Conference on Narrative Games
Conference on Narrative Games
Keynote Speaker: Rachel Noel Williams (Narrative Designer at Obsidian Entertainment, Lead Narrative Designer at Telltale Games, and Narrative Writer at Riot Games)
Over the history of game design, a fundamental consideration for creators is the inclusion of narrative. Some might consider the introduction of narrative in game design as radical as the introduction of sound into film. Not all games require, or even benefit from, a narrative. For those games that involve narrative – from merely situating a player to deeply involving the player in the creation of a narrative experience – this inclusion can influence the games in a multitude of ways. Through the interrelation of interactivity principles, game mechanics, and narrative elements, games can tell stories in a way no other medium can. The success of recent games such as Telltale Games’ The Walking Dead, Guerrilla Games’ Horizon Zero Dawn, and Naughty Dog’s The Last of Us delivered narratively immersive experiences for their players. Long-running franchises from Zork to King’s Quest to The Legend of Zelda have narratives that not only span multiple games but also other media such as novels, comic books, and televisual productions.
To celebrate all the ways that games incorporate, create, and advance narrative, the Game & Interactive Media Design Program at High Point University (High Point, NC) is hosting a conference on narrative games. Soliciting a wide variety of perspectives on all types of narrative games – not just video games but tabletop games, board games, card games, wargaming, and more – this conference aims to both interrogate and celebrate the interplay of games and narrative.
Topics may include, but are not limited to:
- Balancing player agency within a narrative-driven game
- Franchise reboots and the impact on narrative history (such as Gears of War IV (2016) or God of War (2018))
- Player Reception
- Players’ interpretation co-construction of interactive narratives
- Physical and cognitive aspects of narrative interactivity
- Game worlds and cultures
- Game narratives in larger society
- Casual games, interactive text-based narratives, exploration and walking simulators, and other narrative-driven games outside of mainstream deployment/reception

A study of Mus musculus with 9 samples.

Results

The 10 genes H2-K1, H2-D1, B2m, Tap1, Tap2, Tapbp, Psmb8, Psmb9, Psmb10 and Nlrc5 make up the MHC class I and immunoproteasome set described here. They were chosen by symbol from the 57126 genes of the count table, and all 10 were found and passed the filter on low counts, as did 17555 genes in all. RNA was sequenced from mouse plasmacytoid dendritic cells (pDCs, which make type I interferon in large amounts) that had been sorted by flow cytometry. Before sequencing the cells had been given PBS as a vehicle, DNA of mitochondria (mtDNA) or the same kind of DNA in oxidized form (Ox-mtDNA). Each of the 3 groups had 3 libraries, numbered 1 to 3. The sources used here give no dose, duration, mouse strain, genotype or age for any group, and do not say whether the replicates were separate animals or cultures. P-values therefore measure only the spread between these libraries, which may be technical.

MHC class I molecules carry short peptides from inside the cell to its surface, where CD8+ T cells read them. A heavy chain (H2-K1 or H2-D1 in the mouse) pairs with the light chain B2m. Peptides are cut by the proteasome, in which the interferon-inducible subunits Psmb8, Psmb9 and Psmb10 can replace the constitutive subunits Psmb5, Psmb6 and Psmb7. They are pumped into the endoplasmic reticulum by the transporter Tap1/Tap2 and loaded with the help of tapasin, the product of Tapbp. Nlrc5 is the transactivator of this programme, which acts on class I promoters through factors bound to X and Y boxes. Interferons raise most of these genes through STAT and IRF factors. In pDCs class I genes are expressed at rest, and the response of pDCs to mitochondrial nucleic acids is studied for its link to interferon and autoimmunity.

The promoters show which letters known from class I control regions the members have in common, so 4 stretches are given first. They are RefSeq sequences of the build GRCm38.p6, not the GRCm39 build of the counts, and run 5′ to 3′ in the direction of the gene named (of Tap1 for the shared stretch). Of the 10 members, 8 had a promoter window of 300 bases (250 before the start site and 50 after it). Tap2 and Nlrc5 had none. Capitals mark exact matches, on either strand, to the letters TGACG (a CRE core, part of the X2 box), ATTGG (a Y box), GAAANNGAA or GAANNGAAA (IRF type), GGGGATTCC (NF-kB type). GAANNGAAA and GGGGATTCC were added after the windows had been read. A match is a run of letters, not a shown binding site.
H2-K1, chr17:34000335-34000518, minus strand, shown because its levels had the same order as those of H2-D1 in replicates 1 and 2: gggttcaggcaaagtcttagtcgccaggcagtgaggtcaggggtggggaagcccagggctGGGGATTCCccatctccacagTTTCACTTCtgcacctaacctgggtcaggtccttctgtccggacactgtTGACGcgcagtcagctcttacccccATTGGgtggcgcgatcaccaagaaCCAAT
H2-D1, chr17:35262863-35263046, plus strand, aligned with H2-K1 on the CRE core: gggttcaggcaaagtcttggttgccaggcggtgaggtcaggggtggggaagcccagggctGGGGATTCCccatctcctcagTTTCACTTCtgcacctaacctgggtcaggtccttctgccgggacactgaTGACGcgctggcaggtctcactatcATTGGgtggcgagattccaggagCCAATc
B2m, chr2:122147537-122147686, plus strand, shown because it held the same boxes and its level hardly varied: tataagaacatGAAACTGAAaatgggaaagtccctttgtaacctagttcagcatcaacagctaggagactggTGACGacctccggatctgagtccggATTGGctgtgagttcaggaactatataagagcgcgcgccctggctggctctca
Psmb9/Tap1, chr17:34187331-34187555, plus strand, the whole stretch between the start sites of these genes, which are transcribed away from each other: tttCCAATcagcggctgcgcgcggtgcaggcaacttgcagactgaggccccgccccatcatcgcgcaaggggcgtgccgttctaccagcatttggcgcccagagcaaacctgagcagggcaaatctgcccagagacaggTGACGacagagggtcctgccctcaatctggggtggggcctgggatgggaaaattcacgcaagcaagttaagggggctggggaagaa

- Story-telling through environment and asset design
- Transmedia storytelling, particularly engagement with game narrative across multiple media platforms (e.g. The Walking Dead as part of a large franchise)
- Intersectional discussions of representation of characters and cultures
- Encouraging values through narrative design
Abstracts should range from 250-500 words and include a sample bibliography.
Abstracts should be directed to any of the four members of the conference committee:
Dr. Stefan Hall – firstname.lastname@example.org
Dr. Kris Bell – email@example.com
Dr. Kelly Tran – firstname.lastname@example.org
Mr. Brian Heagney – email@example.com
Please indicate “Narrative Game Conference 2019” in the email header.
Conference presentations should be 20 minutes in length. Please note any AV needs in your abstract submission.
Deadline for submissions: Friday, February 22nd
Acceptance notifications: Friday, March 1st
Conference: Friday-Sunday, April 12-14th
Registration fee: $40 for faculty, $20 for students (payable on site)
The Game & Interactive Media Design program is housed within the Nido R. Qubein School of Communication at High Point University (HPU). The program was named a Top 50 Game Design program in 2017 by the Princeton Review. HPU is located in High Point, NC, which is part of the Piedmont Triad including Greensboro and Winston-Salem. High Point is a short ride from the Piedmont Triad International airport (GSO) in Greensboro, the city is directly serviced by Amtrak, and is easily accessible from I-40 by car. The program also benefits from its close proximity to the Research Triangle which houses major development studios including Epic Games, Red Storm Entertainment, and Insomniac East.